Carl Potton, of Port Chalmers School, asks :-

How do mirror's work?

John Campbell, who teaches solid state physics at the University of Canterbury, responded.

You have posed a tricky question. First we need to know something about atoms. Everything is made up of atoms, each of which is so small that it would take about five million side by side to cross a full stop on a printed page. Each atom consists of a small central core, which contains most of the mass, surrounded by much lighter electrons. It is the interaction between the incident light and these electrons which determine proprties such as the reflection of light.

In a material which doesn't conduct electricity, such as glass, the electrons cannot leave the atom. The glass is then transparent. We can see the surface of the glass because whenever a light wave moves from air into glass it slows down. In doing so some light is reflected. The more the wave speed slows down then the more the amount of light reflected. For light shining directly onto glass, only about four parts in every hundred of the incident light is reflected.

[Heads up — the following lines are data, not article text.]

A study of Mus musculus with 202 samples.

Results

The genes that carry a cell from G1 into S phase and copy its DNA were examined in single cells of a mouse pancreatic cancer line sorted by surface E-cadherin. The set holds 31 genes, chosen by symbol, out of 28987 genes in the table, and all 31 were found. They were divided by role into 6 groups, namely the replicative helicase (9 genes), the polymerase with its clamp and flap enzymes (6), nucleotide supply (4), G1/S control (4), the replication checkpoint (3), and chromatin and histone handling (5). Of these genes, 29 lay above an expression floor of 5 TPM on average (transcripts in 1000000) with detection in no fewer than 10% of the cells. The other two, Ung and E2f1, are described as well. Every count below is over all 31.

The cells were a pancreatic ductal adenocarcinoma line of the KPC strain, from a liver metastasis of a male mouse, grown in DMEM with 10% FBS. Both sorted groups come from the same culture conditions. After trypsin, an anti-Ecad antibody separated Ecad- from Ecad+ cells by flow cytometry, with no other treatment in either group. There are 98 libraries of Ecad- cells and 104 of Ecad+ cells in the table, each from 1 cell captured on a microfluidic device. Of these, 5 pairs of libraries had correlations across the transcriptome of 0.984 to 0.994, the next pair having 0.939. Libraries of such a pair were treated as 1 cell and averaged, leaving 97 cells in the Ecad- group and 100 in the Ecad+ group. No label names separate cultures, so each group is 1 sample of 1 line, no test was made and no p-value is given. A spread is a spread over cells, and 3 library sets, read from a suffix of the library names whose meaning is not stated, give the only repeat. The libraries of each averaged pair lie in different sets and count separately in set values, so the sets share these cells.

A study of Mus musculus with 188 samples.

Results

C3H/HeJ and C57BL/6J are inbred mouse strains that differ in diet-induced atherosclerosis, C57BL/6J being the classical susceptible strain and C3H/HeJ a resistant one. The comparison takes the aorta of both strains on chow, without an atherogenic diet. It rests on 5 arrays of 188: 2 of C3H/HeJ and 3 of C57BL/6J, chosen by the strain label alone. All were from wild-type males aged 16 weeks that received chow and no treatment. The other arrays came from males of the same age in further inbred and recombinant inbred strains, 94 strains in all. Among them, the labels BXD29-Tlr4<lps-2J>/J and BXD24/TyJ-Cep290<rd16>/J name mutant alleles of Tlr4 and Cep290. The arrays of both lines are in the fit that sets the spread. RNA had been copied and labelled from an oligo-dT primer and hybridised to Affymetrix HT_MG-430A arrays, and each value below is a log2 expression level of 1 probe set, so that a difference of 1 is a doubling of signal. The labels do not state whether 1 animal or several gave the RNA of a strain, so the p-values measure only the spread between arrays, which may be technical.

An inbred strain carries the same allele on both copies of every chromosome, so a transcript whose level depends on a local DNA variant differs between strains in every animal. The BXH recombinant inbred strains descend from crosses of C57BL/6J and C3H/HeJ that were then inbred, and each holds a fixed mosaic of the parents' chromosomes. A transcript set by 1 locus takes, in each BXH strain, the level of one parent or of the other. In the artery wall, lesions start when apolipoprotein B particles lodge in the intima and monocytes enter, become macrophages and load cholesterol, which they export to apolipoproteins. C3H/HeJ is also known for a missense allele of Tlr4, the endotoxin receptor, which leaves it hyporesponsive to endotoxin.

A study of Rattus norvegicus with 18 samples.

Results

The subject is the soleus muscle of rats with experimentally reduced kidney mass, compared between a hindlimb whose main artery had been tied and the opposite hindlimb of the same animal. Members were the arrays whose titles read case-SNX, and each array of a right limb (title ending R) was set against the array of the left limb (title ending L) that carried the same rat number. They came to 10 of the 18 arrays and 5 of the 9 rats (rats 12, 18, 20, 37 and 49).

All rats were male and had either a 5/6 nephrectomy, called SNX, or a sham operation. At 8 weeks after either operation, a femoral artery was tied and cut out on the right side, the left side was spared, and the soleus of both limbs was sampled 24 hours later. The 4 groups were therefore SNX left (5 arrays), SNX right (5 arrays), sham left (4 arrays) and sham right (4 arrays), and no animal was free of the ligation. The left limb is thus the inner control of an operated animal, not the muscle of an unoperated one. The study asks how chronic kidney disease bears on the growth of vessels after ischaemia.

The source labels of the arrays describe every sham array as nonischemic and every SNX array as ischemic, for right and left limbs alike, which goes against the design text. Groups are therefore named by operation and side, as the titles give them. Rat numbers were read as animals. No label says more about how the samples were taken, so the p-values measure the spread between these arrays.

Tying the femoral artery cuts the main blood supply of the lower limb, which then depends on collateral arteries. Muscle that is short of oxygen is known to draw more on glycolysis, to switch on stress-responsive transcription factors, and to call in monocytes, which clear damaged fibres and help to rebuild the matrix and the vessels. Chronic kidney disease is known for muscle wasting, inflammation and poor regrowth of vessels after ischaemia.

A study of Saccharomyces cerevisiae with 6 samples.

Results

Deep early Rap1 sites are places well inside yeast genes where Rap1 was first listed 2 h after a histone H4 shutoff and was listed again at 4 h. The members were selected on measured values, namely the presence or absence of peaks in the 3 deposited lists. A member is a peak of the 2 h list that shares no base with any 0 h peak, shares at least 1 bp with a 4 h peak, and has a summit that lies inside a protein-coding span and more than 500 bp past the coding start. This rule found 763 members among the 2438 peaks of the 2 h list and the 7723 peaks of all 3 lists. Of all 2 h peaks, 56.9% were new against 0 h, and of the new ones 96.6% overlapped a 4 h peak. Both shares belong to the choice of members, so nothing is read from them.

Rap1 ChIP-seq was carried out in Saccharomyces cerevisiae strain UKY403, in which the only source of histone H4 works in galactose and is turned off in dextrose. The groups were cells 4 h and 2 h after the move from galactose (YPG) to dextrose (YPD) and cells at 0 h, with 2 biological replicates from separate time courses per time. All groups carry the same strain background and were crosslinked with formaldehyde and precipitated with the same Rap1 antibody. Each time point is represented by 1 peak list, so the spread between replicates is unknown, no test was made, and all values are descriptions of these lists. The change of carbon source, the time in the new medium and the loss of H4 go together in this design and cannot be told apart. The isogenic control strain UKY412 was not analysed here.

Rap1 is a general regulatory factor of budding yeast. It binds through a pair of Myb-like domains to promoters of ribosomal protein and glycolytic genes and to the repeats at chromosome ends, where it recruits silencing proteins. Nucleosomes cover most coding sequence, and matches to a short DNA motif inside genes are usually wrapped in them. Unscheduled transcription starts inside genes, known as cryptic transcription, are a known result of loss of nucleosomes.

More efficient mirrors are made using polished metals. The ancient Greeks polished the surface of a metal called speculum. Nowadays, the easiest and cheapest way to produce a mirror is to coat a flat glass surface with a very thin layer of silver or aluminium metal. A metal conducts electricity because one or two electrons per atom are free to move away from the atom and move throughout the metal. These electrons oscillate in step with the oscillating ight wave and re-radiate the light. (Much like electrons oscillating up and down a radio aerial radiate radio waves). A clean metal mirror reflects about ninety-eight of every hundred parts of incident light so are very efficient.